8th October 2021
The Scottish Centre for Crime and Justice Research warmly welcomes Dr David Maguire to deliver the first presentation in our new Seminar Series for 2021.
David is an Honorary Senior Research Associate at the Centre for Education in the Criminal Justice System, UCL Institute of Education.
David will talk about his book, Male, Failed, Jailed where he charts the cyclical interrelations between cultural representations of masculinity, place, schooling, (un)employment, crime, and imprisonment.
In the book he explores if living up to idealised masculinities across sites of extreme exclusion meant the men in his study contributed to their own continued economic marginalisation and their repeated return to prison.
Or whether is it these sites and institutional systems that play an influential role in reinforcing and trapping these men in configuring the same masculinities they exclude, abandon, and incarcerate? Disrupting oversimplified and popular representations of the men that fill our prisons, Maguire notes that his ambition was to use their stories to profile their vulnerabilities, humanity, and pains of imprisonment.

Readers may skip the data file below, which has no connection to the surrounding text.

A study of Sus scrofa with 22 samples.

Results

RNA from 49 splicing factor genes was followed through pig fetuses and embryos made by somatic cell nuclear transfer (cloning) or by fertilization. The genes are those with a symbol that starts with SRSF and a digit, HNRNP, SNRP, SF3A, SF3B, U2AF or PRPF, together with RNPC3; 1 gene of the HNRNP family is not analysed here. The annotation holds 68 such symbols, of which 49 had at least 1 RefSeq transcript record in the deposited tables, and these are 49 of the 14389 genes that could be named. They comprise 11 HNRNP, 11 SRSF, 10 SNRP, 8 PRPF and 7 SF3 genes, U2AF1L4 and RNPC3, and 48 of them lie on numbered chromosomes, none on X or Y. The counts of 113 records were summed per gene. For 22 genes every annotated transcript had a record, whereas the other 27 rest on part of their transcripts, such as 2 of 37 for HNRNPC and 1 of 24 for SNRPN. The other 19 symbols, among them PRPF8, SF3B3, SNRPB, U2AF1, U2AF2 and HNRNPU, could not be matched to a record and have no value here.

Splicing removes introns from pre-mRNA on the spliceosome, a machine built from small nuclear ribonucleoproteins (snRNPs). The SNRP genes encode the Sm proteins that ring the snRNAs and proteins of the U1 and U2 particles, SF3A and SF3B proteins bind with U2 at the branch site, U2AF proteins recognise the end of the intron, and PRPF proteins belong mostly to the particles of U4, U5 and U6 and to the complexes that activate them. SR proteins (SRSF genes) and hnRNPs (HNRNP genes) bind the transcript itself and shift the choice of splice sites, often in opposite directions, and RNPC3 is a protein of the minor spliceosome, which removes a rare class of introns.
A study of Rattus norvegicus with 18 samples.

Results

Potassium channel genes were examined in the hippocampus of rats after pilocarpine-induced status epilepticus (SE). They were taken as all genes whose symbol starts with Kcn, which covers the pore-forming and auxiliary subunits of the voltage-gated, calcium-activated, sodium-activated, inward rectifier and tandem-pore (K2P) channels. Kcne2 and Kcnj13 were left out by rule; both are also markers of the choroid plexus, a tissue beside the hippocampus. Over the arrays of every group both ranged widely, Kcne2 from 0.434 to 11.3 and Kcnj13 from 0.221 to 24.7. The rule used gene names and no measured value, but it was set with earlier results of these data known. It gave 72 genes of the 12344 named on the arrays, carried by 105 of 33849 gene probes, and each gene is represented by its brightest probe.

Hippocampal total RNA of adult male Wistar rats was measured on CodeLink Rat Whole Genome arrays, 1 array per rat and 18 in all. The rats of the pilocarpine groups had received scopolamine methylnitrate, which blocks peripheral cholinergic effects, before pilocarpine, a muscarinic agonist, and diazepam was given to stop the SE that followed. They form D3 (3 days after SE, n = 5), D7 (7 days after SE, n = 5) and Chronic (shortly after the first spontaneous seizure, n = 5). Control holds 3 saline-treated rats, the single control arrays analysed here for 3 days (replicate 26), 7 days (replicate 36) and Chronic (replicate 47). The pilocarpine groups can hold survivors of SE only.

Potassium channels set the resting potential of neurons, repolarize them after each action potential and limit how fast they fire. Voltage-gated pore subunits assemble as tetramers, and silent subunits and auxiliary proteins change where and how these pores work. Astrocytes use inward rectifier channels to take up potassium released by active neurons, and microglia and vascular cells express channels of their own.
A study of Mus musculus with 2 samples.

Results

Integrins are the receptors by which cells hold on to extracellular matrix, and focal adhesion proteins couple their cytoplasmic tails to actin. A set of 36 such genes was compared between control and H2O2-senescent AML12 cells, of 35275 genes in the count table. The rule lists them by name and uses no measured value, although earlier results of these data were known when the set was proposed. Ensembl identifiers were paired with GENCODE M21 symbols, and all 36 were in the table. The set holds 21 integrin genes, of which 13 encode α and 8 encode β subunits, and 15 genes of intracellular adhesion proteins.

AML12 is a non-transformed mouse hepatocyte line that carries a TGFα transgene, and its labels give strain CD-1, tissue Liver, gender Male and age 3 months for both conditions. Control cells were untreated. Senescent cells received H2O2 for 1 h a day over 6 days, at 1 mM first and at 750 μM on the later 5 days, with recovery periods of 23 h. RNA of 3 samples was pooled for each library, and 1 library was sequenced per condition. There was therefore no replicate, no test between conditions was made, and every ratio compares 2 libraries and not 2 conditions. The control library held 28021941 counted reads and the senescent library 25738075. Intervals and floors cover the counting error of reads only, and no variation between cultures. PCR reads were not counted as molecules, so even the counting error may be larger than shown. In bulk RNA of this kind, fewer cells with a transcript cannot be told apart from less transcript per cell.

The seminar will be chaired by Beth Weaver, Professor of Criminal and Social Justice at the University of Strathclyde and Associate Director of SCCJR.
Biography: Dr David Maguire has researched and managed projects for excluded groups across sectors that include housing, education, prison and the wider criminal justice system. In 2016 he was awarded D.Phil. (PhD) from the University of Oxford for research focusing on the interplay between masculinity, education, (un)employment, crime and imprisonment. After holding Lectureship positions in Criminal Justice, Criminology and Sociology, David took up a British Academy Postdoctoral Fellowship at UCL’s Institute of Education that explored post prison transitions into employment and education. He has written and published on prison masculinities, and is the author of Male, Failed, Jailed : Masculinities and “Revolving-Door” Imprisonment in the UK. He is currently the Director for the Prison Reform Trust’s Building Futures project, a five-year programme for people spending 10 or more years in prison.